Eddie Jones was calling for the wrong person to be on stage, in his place, at the world rugby awards.
Rising England maestro Jones said All Blacks boss Steve Hansen was still The Man and deserved to be coach of the year.
I doubt many New Zealanders feel Hansen was robbed.
The winner should have been Warren Gatland, whose underrated feat in stirring the British and Irish Lions to a series draw in New Zealand pipped all other achievements this year.
Maybe that should read all other achievements in the men's game, but I'll stick to the men in this argument because I'm not sure how to compare them to the vastly different women's arena.
Yes, England won the Six Nations...but significantly without a clean sweep.
And England often win the Six Nations, or should. They are the powerhouses of European rugby, over-resourced heavyweights against cut-price neighbours and an Italian punching bag.
One of the few people who is not fooled by Eddie Jones is Eddie Jones. Teams are building for the World Cup, ducking and diving. His hat-tipping to Hansen was just another strategy. In contrast, Lions tours are all-or-nothing.
Aussie Jones has got the rugby press eating out of his hand. He is great stuff — a genuine, interesting and very likeable character, who attracts attention. He has some amazing achievements on his CV.
But that is not what the award is for.
This year's choice was tough, but Gatland was robbed for my money. He tamed the mighty All Blacks, whereas Jones didn't even have to face them.
Gatland has an image problem, for whatever reasons.
But he pulled a series draw out of a hat after his Lions were universally touted as cannon fodder in New Zealand, the hardest place to tour by far. Graham Henry called the 10-match assignment a "suicide mission".
Consider the Lions' history.
Prior to 2017, they had played 11 series here, won one, and lost 10.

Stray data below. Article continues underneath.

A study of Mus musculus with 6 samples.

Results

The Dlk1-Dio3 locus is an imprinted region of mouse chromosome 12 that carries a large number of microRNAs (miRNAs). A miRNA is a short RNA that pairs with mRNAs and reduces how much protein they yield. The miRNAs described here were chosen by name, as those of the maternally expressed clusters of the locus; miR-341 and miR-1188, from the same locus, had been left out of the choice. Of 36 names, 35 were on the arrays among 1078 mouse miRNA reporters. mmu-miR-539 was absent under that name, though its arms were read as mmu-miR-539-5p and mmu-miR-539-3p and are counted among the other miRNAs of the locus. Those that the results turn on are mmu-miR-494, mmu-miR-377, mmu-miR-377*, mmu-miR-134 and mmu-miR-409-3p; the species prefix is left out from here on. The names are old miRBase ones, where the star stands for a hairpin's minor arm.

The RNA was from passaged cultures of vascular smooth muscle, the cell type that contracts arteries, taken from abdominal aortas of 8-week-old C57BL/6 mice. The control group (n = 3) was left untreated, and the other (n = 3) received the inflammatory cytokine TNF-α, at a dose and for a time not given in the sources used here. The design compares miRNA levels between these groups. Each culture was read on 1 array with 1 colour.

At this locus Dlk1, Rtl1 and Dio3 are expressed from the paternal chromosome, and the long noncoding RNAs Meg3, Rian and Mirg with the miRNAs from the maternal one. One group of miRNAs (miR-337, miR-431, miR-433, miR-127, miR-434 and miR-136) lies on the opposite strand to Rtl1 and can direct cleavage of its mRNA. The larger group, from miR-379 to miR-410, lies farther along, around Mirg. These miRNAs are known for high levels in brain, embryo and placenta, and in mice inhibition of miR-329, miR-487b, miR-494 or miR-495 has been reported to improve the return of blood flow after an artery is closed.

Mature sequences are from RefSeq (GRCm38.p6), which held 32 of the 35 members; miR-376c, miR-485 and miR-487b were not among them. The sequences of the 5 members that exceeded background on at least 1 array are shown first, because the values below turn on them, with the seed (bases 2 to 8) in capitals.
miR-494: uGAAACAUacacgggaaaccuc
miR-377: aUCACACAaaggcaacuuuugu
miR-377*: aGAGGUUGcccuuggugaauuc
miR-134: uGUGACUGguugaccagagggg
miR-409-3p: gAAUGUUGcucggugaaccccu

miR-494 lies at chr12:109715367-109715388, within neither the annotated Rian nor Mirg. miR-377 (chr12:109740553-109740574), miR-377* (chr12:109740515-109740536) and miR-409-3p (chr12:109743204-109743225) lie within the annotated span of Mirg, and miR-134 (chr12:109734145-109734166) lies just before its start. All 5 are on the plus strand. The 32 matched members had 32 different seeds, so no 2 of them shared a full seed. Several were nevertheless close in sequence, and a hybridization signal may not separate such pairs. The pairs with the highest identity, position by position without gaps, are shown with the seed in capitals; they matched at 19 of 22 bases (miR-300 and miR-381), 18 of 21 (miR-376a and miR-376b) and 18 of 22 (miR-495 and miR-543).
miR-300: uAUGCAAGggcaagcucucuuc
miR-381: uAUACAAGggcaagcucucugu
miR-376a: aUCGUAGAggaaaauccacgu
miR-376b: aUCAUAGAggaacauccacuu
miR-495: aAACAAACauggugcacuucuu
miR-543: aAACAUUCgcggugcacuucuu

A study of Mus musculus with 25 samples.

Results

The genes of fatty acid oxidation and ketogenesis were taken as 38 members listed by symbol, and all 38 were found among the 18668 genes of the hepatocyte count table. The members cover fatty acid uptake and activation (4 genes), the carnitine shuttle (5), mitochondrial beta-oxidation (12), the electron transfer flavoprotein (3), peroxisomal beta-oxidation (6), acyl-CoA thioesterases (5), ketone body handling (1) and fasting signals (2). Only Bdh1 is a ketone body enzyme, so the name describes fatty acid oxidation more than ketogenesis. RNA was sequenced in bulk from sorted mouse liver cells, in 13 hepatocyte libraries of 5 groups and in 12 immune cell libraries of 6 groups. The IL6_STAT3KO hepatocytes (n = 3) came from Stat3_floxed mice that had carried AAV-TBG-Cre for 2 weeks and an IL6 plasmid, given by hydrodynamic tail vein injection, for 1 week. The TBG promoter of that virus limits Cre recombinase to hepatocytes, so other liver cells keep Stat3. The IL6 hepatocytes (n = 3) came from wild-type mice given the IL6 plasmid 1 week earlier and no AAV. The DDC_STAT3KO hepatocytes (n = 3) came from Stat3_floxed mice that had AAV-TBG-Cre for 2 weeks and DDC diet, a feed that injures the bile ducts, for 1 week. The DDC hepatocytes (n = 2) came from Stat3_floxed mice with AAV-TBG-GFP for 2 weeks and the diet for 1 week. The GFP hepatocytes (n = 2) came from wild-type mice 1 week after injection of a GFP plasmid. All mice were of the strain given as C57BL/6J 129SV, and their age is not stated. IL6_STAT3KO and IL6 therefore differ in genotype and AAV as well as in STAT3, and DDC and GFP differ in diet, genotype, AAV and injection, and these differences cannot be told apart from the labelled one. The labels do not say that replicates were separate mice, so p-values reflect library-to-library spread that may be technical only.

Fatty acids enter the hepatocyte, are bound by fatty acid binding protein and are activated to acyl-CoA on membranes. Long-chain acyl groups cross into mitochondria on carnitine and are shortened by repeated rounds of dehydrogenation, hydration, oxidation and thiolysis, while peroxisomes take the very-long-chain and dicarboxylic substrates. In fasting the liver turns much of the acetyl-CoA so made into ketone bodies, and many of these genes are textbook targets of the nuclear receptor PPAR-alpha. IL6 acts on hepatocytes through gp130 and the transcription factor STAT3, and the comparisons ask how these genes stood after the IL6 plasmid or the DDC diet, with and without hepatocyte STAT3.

They have won a mere seven out of 41 tests against New Zealand. Their record in South Africa, the other tough place to tour, is not much better.
For all of the mystique and legends associated with the Lions concept, and it is a wonderful one, they lose against decent teams. Truth be told, the rightly famous 1971 winners faced a poor All Black outfit.
The Lions' task may be even tougher now when a team like the All Blacks enjoy cohesive preparation on a different planet to what the Lions can envisage.
In the good old days, the All Blacks got together just before the tests so the Lions had a preparation advantage.
The last time the Lions came here, in 2005, a highly rated team with overblown preparations were blown away.
Gatland arrived with key test players — notably the rampaging England No 8 Billy Vunipola — missing. The natural tour leader, classy Welsh loose forward Sam Warburton, was injury affected.
Crucially and uniquely, Gatland's Lions had to play two matches at Fortress Eden Park, where the All Blacks are unbeaten since 1994. This was always a huge and unfair factor.
Gatland got big selection decisions right, sticking with a clever inside back combination and retaining faith in workhorse Welsh lock Alun Wyn Jones.
Facing a team which was superior man-for-man and driven by the best halves combo in the world, they often outplayed the All Blacks in attacking inventiveness.
They also found an early glimmer of hope by scoring one of the best tries in rugby history, finished off by Irish flanker Sean O'Brien.
However he did it — whether through player driven decisions or not — Gatland got the Lions right for the big one, a series-levelling draw at Eden Park where the All Blacks had promised to set the record straight at their favourite ground.
Disrespectful post tour comments from O'Brien and Vunipola (incredibly, since he wasn't even there) tell you the sort of schisms that a Lions coach has to deal with. Previous coaches like Henry, in particular, know all about the divisions which can wreck a Lions campaign.
If Woodward or Jones (or another press favourite Henry for that matter) had coached the Lions to a draw in New Zealand, I reckon they would have won the world award.
Gatland's Lions highlighted how bad Woodward's side was 12 years ago.
Woodward was a judge for this year's awards, presented in Monaco. Wonder how he voted?